2021 Year in Review


Transitional justice processes often take years to play out, and they require commitment, persistence, and patience from civil society, victims, governments, and institutions. In 2021, there were significant developments, some hopeful and some devastating, in the struggle for truth, accountability, and redress in countries around the world. In addition to frequent appearances in national and international media, ICTJ experts covered these events in commentaries and feature stories published on our website and in our newsletters. While 2022 is already underway and we at ICTJ are hard at work, we would like to pause a moment to take stock and reflect on the year that was.

Early in 2021, the International Criminal Court (ICC) issued its judgment in the Dominic Ongwen case, the first ICC verdict concerning the conflict in Northern Uganda. ICTJ Head of Office in Uganda Sarah Kasande and Program Officer Jesse Mugero wrote about the case in February and March. The ICC found Ongwen, a former senior leader of the Lord’s Resistance Army (LRA), guilty of 61 counts of crimes against humanity and war crimes committed between July 1, 2002, and December 31, 2005. In addition, for the first time since its inception, it found a suspect guilty of the crime of forced pregnancy, which was a common practice used by the LRA. The Ongwen case thus marks a key milestone in developing a progressive jurisprudence on gender justice and accountability for sexual crimes in contexts of armed conflict. For the 4,095 victims who were allowed to participate in the proceedings and a few others, Ongwen’s conviction means they can now look forward to reparations for the harms they suffered. However, many other victims of atrocities committed by the LRA and Uganda’s armed forces fell outside the scope of this case and were therefore excluded from the reparations process. For them, the verdict has little impact on their lives.

Last year, hope quickly sank to horror in Afghanistan as US forces hastily withdrew and the Afghan government fell to the Taliban days later. In June, ICTJ Expert Reem El Gantri spoke about our engagement in the country supporting Afghan civil society organizations and victims’ groups seeking justice for human rights violations and combatting gender and other forms of discrimination. By August, the outlook in Afghanistan had turned bleak, and ICTJ Expert Sibley Hawkins in a commentary called out the failures of the United States and in the international community to protect Afghan civilians. By October, our executive director, Fernando Travesí, was asking what the future held for an Afghanistan once again under Taliban rule. The country now teeters on the brink of massive famine, while the Taliban is systematically curtailing women’s rights and cracking down on civil society and voices of dissent. Afghanistan is a tragic example of how a country in transition can dramatically reverse course on the arduous path toward peace and democracy and return to an abyss of violence and repression at breakneck speed.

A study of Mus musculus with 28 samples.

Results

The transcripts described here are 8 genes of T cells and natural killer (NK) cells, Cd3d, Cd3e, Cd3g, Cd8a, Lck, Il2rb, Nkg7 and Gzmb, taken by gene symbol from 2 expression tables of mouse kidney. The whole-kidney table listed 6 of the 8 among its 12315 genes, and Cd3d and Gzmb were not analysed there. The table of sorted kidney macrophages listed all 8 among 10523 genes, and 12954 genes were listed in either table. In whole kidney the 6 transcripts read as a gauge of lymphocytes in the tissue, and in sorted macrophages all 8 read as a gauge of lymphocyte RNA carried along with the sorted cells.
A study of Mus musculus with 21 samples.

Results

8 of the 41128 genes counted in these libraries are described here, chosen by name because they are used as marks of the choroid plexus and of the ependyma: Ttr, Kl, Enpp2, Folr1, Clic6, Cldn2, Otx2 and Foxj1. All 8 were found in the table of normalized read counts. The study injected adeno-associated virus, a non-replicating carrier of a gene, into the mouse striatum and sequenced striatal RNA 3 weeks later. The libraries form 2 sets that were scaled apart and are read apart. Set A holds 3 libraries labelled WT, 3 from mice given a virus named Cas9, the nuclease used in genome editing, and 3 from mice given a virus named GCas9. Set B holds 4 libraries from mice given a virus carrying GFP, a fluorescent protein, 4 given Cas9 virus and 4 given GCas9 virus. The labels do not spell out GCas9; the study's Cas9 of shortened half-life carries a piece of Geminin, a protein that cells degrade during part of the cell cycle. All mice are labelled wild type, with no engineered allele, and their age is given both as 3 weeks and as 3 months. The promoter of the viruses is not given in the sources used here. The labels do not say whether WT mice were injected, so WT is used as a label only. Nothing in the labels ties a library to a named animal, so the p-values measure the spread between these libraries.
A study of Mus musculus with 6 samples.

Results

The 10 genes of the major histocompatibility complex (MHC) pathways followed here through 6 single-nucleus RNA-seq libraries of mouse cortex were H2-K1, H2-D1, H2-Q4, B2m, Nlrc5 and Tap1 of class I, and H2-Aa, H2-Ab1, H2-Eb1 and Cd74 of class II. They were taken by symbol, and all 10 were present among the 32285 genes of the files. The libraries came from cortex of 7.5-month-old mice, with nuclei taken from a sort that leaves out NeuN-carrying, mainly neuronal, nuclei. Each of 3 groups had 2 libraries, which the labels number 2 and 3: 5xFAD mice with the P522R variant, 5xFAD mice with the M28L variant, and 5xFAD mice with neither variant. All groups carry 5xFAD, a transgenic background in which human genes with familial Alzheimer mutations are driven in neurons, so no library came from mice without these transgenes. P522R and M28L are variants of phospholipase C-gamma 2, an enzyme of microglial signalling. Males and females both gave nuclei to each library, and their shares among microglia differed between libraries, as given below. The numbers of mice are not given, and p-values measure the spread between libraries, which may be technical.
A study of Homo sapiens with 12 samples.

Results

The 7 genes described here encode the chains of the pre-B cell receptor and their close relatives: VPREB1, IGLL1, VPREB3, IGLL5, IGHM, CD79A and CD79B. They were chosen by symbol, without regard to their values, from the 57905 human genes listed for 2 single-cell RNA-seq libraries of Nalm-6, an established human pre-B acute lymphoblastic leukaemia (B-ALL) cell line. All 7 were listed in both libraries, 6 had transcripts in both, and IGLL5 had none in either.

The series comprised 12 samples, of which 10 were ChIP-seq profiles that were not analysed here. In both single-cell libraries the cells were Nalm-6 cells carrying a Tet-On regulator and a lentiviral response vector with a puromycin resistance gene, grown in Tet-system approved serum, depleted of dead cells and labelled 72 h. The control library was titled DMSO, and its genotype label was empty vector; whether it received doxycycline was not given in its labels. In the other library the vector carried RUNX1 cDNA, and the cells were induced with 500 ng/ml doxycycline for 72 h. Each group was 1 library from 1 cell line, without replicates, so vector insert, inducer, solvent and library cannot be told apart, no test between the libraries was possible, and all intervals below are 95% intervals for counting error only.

Meanwhile, the transitional justice process in Colombia, which celebrated its fifth anniversary in November, steadily advanced in 2021. Former members of the Revolutionary Armed Forces of Colombia (FARC) publicly took responsibility for crimes they committed. In a piece she authored in April, ICTJ Head of Office in Colombia Maria Camila Moreno recounted her experience bringing together ex-combatants of the various left-wing guerrillas along with those of right-wing paramilitary groups for the Ex-Combatant Narratives Roundtable. At the roundtable, ex-combatants took part in earnest, heartfelt conversations about the past, in which they meaningfully acknowledged their crimes, ahead of the of public statements by former FARC members.

2021 also marked 10 years since Tunisians took to the streets to demand “employment, freedom, and national unity,” in what became the Jasmine Revolution that toppled the Ben Ali dictatorship and ushered in a transition to democracy. In March, ICTJ Head of Office in Tunisia Salwa El Gantri reflected on the revolution’s still unattained goals and the measures needed to advance justice, provide equal opportunities to all Tunisians, and build the public’s trust in the government and economy. In September, weeks after Tunisian President Kais Saied assumed emergency powers, Deputy Executive Director and Director of Programs Anna Myriam Roccatello in a commentary expressed concern that Tunisia’s transition may be imperiled.

Victims are seeking justice and accountability in many other countries around the world, and ICTJ is working side by side with them. Last year, our experts offered their thoughts on justice for victims of Rodrigo Duterte’s “War on Drugs” that goes beyond criminal accountability, Denmark’s controversial policy to return refugees to Syria, resistance in Myanmar to the military regime, the prospect of a viable peace plan in Yemen, and the final report of the Gambia’s Truth, Reconciliation and Reparations Commission recently submitted to the government. We invite you to subscribe to our newsletters and be the first to receive these stories in your inbox.

PHOTOS (LEFT TO RIGHT): Women in Herat, Afghanistan, line up to collect bags of food and cooking oil distributed by the UN World Food Programme in June, 2012 (WFP); former LRA commander Dominic Ongwen appears in an ICC courtroom for his confirmation of charges hearing on January 21, 2016 (ICC-CPI/Flickr); protesters gather at the Government Square in Tunis during the Tunisian Revolution (Rais67/Wikimedia); two boys from the Cacarica river basin wave white flags at the opening ceremony of a memorial event in Chocó in 2019 (Maria Margarita Rivera/ICTJ).